The inspiration for your book is two of your ancestors. Who are they?
The first is my great-great-grandfather, Peter Guignon, who was a druggist. I didn’t even know his name when I began. It was only by mining the archives that I discovered his existence. His parents came from Haiti. All I could find out about his father’s family was that the Guignons were close to the Berard family, well known to the historical record as grand blanc slaveholders who fled Haiti at the time of the revolution.
The second is Philip White, Peter Guignon’s son-in-law. White’s father came from northern England and his mother was from Jamaica. Unlike Peter, who became a druggist through marriage, Philip got a diploma from the College of Pharmacy of the City of New York in 1844. He opened his own store in Lower Manhattan and became quite prosperous.
A family myth that proved to be false?
My father hardly ever said anything about his background and my aunt gave me one story that proved to be only partially true: that Philip Augustus White was born Philippe Auguste Blanc, a “white Haitian,” who fled to Paris at the time of the revolution, became a pharmacist, and then emigrated to New York, anglicizing his name to Philip Augustus White. It’s obvious that she was conflating Philip and Peter’s backgrounds.
You discovered the existence of a vibrant black community in Lower Manhattan in the nineteenth century. How would you describe the neighborhood?
I’m not sure I’d use the term vibrant. The material conditions were appalling—overcrowding, poor sanitation, filth, disease, etc. Charles Dickens described the Five Points as a place “reeking everywhere with dirt and filth” where “poverty, wretchedness, and vice are rife enough” and “all that is loathsome, drooping, and decayed is here.” And yet this neighborhood was home to many black New Yorkers. It’s a pity that we don’t have a description of it in their own words.
Many African Americans were business owners. What kinds of establishments did they run?
In her memoir, my great-grandaunt Maritcha Lyons wrote that family friends held jobs as varied as “carpenters, undertakers, printers, shoemakers, tinsmiths, crockery and china ware dealers.” There were preachers and restaurant owners. Most surprising to me was the number of doctors and pharmacists.
How were middle-class African Americans treated by white New Yorkers?
Racial discrimination and segregation were pretty much the norm. One would assume then that race relations would be highly regulated, but whimsy reigned. One day, a conductor would let you on his streetcar, the next day he wouldn’t. One day, you could be admitted to a public exhibit, the next day you would be denied entrance. Black New Yorkers called it “casting the horoscope.”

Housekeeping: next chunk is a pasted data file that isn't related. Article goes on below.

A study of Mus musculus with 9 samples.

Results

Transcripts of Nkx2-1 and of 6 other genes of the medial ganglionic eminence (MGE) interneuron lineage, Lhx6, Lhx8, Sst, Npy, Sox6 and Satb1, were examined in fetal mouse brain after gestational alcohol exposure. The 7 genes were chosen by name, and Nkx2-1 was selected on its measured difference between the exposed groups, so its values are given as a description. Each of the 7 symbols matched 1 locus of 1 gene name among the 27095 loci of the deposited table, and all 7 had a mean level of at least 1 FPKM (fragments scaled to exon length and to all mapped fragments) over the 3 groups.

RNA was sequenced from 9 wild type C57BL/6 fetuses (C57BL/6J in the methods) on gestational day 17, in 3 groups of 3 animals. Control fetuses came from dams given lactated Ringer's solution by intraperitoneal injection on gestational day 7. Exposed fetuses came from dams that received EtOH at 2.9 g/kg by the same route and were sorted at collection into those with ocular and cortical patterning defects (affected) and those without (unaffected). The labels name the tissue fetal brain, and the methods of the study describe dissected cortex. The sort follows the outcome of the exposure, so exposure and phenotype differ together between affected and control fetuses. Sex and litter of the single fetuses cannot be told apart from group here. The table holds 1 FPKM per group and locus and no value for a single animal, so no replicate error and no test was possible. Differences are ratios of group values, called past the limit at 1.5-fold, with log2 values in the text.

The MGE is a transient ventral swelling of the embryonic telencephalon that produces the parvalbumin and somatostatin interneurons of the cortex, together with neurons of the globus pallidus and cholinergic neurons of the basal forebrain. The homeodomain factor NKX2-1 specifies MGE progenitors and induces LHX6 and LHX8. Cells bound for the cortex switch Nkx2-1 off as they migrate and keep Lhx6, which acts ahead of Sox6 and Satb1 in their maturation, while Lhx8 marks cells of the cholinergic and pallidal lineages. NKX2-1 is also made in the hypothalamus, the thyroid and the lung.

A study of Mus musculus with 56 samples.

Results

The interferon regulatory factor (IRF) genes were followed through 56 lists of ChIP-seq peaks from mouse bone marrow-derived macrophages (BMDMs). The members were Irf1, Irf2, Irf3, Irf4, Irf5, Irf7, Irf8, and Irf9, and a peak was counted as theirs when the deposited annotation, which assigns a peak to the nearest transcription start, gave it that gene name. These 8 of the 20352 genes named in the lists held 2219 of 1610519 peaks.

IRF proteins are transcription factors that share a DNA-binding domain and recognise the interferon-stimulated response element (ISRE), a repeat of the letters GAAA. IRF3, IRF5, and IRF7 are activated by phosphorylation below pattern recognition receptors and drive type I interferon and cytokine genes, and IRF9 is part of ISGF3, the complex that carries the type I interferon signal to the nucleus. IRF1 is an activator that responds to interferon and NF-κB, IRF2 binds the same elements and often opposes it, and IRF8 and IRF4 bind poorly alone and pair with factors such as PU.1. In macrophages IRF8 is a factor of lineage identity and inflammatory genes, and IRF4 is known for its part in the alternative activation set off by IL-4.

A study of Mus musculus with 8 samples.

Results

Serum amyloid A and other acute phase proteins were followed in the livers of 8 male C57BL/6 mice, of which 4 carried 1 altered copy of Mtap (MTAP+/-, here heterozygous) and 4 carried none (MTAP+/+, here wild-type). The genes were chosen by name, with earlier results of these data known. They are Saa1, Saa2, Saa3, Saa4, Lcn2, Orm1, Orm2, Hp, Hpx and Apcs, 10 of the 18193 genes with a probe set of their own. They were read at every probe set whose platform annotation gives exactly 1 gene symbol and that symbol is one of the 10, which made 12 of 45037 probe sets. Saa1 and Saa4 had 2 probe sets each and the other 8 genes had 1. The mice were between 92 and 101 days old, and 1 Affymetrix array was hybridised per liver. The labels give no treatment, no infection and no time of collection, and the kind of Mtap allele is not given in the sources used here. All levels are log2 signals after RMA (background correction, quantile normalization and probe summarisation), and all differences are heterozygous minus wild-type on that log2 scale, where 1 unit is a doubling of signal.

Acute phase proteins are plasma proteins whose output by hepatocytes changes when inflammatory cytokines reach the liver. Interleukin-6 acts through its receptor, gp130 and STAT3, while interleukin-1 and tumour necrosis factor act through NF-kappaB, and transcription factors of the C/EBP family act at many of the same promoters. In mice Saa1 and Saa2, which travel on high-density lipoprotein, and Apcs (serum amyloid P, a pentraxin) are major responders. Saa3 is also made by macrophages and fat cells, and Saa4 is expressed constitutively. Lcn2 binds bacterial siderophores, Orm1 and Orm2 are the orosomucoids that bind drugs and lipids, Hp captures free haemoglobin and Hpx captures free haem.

Your family and others decamped to Brooklyn. What prompted the move?
For many it was the July 1863 draft riots and the devastation it wreaked on the city’s black population. Others went in search of better professional opportunities. Peter Guignon moved there in the 1850s after his brother-in-law set up a medical practice and drugstore, and gave him a job in the store. Philip White moved out of Manhattan because his street was demolished as part of the Brooklyn Bridge construction project.
What kind of records did you use to piece together the story?
I combed through all the usual official records: death certificates, censuses, and city directories. But the Schomburg Center for Research in Black Culture, which is part of the New York Public Library, turned out to be a real treasure trove. I found an extensive collection of family papers, the Harry Albor Williamson Papers, which contained genealogical records and a memoir. It took me a couple of years before I realized that I was part of this family!
Your most amazing discovery?
Philip White’s experience during the draft riots of 1863. Mobs of poor whites, who didn’t want to be drafted into the Union Army, attacked blacks at random, maiming and killing them, ransacking and destroying their homes, businesses, and churches. Amazingly, Philip’s home and drugstore survived intact. He had been a good neighbor to his poor Irish customers, giving away medicines for free when they couldn’t afford to pay for them, as well as clothes and food. It stands to reason that they didn’t want to see his store harmed and were prepared to defend it when the mob came. Imagine Irish fighting Irish over the welfare of a black man!
You say in the introduction that you want to write “a new and different version of African‐American history that challenges the ones we’re so used to reading.” What did you want to challenge?
It’s certainly true that the dominant experience of nineteenth-century black Americans was that of southern slavery. But I felt that it was equally important to pay attention to the history of northern free blacks who played a significant role in shaping American history through the antislavery movement and other forms of social activism. I also wanted to remind readers that, well before the Harlem Renaissance, New York was home to a class of educated blacks that produced social activists, intellectuals, writers, and artists.